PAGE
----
Purpose: This analysis of the Agricultural Health Study cohort assesses the mortality experience of licensed pesticide applicators and their spouses.
Methods: This report is based on 52,393 private applicators (who are mostly farmers) and 32,345 spouses of farmers in Iowa and North Carolina. At enrollment, each pesticide applicator completed a 21-page enrollment questionnaire. Mortality assessment from enrollment (1994-1997) through 2000 provided an average follow-up of about 5.3 years, 447,154 person-years, and 2055 deaths.
Results: Compared with the general population in the two states, the cohort experienced a very low mortality rate. Standardized mortality ratios (SMRs) for total mortality, cardiovascular disease, diabetes, COPD, total cancer, and cancers of the esophagus, stomach, and lung were 0.6 or lower for both farmers and spouses. These deficits varied little by farm size, type of crops or livestock on the farm, years of handling pesticides, holding a non-farm job, or length of follow up. SMRs among ever smokers were not as low as among never smokers, but were still less than 1.0 for all smoking-related causes of death. No statistically significant excesses occurred, but slightly elevated SMRs, or those near 1.0, were noted for diseases that have been associated with farming in previous studies.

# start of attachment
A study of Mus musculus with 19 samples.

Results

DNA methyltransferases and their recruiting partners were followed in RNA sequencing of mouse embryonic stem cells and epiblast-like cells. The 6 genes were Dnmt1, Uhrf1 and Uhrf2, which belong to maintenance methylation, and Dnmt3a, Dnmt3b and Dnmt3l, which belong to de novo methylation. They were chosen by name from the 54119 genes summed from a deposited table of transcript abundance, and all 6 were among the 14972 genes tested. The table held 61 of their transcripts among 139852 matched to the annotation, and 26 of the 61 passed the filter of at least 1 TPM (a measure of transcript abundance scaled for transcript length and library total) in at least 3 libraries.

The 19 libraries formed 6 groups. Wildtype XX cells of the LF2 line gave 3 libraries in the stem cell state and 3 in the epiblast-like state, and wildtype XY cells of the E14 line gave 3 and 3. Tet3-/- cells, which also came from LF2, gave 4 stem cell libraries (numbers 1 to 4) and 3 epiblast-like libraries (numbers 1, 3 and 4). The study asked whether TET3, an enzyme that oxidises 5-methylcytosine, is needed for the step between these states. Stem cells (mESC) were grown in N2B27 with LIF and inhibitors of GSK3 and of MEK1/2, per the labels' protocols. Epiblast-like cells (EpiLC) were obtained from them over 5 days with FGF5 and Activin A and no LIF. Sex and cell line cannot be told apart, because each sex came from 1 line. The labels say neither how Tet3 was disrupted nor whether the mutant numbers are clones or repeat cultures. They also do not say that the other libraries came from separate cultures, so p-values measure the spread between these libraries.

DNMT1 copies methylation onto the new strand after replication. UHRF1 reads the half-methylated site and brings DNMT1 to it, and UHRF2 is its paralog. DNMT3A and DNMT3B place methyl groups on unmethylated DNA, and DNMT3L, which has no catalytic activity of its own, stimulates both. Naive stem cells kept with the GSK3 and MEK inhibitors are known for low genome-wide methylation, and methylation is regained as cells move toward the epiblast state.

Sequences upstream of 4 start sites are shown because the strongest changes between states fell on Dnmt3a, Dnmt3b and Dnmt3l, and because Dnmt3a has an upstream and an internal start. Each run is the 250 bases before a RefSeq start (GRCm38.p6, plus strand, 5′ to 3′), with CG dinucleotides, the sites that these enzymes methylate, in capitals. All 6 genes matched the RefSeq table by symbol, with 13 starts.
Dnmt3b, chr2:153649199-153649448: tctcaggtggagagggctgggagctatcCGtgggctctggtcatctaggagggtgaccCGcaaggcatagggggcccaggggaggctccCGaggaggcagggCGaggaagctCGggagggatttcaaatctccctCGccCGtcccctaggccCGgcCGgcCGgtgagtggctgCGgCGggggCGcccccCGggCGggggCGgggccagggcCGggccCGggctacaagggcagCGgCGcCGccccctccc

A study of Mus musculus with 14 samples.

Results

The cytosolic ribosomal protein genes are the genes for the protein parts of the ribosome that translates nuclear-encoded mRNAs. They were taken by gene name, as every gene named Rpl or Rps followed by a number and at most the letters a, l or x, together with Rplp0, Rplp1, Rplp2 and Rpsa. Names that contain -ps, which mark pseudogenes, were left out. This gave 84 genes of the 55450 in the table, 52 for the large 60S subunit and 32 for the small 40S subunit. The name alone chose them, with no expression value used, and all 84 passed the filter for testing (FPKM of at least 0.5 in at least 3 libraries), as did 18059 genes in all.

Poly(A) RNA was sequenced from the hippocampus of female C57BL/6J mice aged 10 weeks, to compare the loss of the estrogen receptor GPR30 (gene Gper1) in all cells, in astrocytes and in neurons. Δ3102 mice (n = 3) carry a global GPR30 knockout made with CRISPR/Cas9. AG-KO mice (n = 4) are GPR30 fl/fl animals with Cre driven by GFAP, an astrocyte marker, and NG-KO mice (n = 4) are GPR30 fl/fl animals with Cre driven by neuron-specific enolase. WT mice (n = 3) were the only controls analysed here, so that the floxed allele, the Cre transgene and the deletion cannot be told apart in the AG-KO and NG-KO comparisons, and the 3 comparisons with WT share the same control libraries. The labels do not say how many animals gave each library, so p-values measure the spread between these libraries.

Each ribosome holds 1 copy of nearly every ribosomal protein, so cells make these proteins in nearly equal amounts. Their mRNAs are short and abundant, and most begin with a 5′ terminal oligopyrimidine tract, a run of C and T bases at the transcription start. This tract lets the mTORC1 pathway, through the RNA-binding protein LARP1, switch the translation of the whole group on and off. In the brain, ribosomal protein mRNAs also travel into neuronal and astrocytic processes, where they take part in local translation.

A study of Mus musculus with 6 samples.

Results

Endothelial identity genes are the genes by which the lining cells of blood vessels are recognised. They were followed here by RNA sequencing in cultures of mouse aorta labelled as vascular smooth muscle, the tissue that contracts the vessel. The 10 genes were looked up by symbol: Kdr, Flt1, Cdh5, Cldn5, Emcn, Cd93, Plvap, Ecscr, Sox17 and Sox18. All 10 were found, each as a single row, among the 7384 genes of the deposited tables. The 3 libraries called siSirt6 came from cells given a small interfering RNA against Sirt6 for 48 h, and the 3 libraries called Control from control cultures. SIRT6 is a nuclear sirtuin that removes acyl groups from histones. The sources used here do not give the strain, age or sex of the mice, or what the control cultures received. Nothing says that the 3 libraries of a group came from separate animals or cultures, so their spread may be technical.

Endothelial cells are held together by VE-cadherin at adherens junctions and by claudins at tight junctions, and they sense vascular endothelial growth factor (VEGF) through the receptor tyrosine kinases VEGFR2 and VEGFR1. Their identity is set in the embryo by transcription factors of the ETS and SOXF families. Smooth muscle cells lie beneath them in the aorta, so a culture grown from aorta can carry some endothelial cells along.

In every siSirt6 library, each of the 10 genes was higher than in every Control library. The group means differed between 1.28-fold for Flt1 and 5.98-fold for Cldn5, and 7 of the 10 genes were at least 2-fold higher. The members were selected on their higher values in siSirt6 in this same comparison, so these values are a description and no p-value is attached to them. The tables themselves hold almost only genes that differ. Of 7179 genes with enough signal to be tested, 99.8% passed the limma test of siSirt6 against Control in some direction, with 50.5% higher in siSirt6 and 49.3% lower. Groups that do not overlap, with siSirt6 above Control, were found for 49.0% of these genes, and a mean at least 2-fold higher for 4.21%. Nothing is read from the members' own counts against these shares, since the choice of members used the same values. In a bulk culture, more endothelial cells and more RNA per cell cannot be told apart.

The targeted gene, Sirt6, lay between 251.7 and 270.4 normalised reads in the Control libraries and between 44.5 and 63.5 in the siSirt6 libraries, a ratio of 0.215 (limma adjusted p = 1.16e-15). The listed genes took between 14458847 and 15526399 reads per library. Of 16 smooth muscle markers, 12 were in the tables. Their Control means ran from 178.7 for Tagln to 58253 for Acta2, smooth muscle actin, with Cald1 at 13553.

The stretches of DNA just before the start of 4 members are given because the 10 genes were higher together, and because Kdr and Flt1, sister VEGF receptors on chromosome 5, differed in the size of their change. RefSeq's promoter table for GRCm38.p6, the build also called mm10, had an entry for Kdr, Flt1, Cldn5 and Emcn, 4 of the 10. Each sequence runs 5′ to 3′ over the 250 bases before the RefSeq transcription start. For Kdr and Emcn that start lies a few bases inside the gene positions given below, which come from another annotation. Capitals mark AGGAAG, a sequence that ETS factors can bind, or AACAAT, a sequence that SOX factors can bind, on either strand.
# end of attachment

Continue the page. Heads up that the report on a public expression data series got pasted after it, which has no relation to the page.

Conclusions: Several factors may contribute to the low mortality observed in this population, including the healthy worker effect typically seen in cohorts of working populations (which may decline in future years), a short follow-up interval, and a healthier lifestyle manifested through lower cigarette use and an occupation that has traditionally required high levels of physical activity.